Painstakingly researched for over 30 years, The Beaverkill: The History of a River and its People is the definitive exploration of a legendary river. Winding through the heart of New York's Catskill Mountains, the Beaverkill is America's most beloved and famous trout stream, considered the birthplace of fly fishing in the United States. This engrossing book chronicles the river's history, offering portraits of the men and women who affected its life and development as a world-class fishery.
The Beaverkill provides insight into what fishing was like prior to the introduction of hatchery trout, chronicles the human disturbances to the watershed - including stream habitat degradation and the exploitation of native brook trout - and includes a comprehensive study of the introduction of brown trout, the emergence of the dry fly, and the evolving changes in fly-fishing tactics.
New for 2016, the Second Edition is a considerable update to the original.
- New & restored artwork
- Greatly expanded text
- Catskill Flies feature exploring patterns with ties to the river
- Famous trout pools feature
- Newly discovered historical information
- 256 pages, over 150 photos and illustrations
- Published by Stackpole/Headwater
Holiday Special: 2-day Shipping available, order by December 20, 6pm to guarantee delivery by Christmas.
Reviews (First Edition)
"In the heart of New York's Catskills runs a waterway revered for its fishing. Indeed, 'troutfishing enthusiasts look upon the Beaverkill as "America's stream,"' says Van Put, a fisheries professional with the New York State Department of Environmental Conservation. In this clear and concise, though not artistic, history of that celebrated river, he details the changing experiences of those living and fishing along the banks of the Beaverkill over the past 350 years. With emphasis on the personalities of the world's fly-tying legends, including Theodore Gordon, Rube Cross and Harry Darbee, as well as with a discussion of the merits of using dry versus wet flies, it would seem that the book might appeal only to angling fanatics. Its engaging presentation of the Beaverkill's environmental degradation and revitalization, however, should broaden its appeal dramatically. Van Put describes how the native brook trout were largely fished out last century, with those not caught being killed by the many polluting industries developing streamside. Happily, the advent of hatcheries, the introduction of brown trout and a recognition of basic principles of conservation biology have helped the stream recover. Seventy archival photographs handsomely complement the informative text."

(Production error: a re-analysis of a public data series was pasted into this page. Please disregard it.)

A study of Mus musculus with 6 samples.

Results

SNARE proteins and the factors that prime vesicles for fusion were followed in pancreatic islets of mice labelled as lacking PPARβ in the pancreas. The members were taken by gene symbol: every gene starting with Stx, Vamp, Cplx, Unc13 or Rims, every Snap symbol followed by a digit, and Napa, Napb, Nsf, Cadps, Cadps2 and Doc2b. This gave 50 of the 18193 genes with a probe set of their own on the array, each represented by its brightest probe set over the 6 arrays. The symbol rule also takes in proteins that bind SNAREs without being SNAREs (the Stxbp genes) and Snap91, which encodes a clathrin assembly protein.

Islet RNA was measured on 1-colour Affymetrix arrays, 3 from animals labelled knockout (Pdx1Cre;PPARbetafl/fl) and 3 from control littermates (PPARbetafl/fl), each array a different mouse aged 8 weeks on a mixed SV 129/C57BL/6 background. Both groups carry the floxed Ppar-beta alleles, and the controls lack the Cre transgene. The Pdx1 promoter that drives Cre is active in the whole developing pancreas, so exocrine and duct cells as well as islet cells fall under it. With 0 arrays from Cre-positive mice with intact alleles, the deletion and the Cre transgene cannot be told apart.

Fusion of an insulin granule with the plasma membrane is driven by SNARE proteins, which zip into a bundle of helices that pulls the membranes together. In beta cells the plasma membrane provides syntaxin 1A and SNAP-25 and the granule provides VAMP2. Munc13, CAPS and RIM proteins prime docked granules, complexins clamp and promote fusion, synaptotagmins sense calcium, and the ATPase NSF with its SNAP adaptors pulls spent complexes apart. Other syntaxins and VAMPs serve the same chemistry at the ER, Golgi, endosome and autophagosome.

"The Beaverkill River winds through New York's Catskill Mountains and is among the country's most famous trout streams. Van Put has written an engrossing natural and social history of the river, the region, and, incidentally, fly-fishing in America. The Beaverkill first attracted attention in the early 1800s when people discovered its abundance of brook trout. Soon the Beaverkill was a mecca for trout-fishing enthusiasts, and resorts and inns flourished. By 1850, however, the river was in grave danger. People were taking out huge quantities of fish, while the region's growing tannery industry was dumping pollutants into the river. Concerned individuals fought back, resulting in some of America's earliest conservation efforts in the areas of fish management and restocking. Meanwhile, fly-fishing was changing, too, with the advent of the dry fly and new fishing tactics. Throughout, Van Put is a passionate advocate for the river."
About the Author
Ed Van Put has worked as a fisheries professional with New York State since 1969. An avid fly fisherman for more than fifty years, he also authored Trout Fishing in the Catskills, an expansive exploration of the development of the Catskills as America's premiere fishing destination. His articles have appeared in The Conservationist, Trout, Fly Fisherman, Fly Rod & Reel, and elsewhere.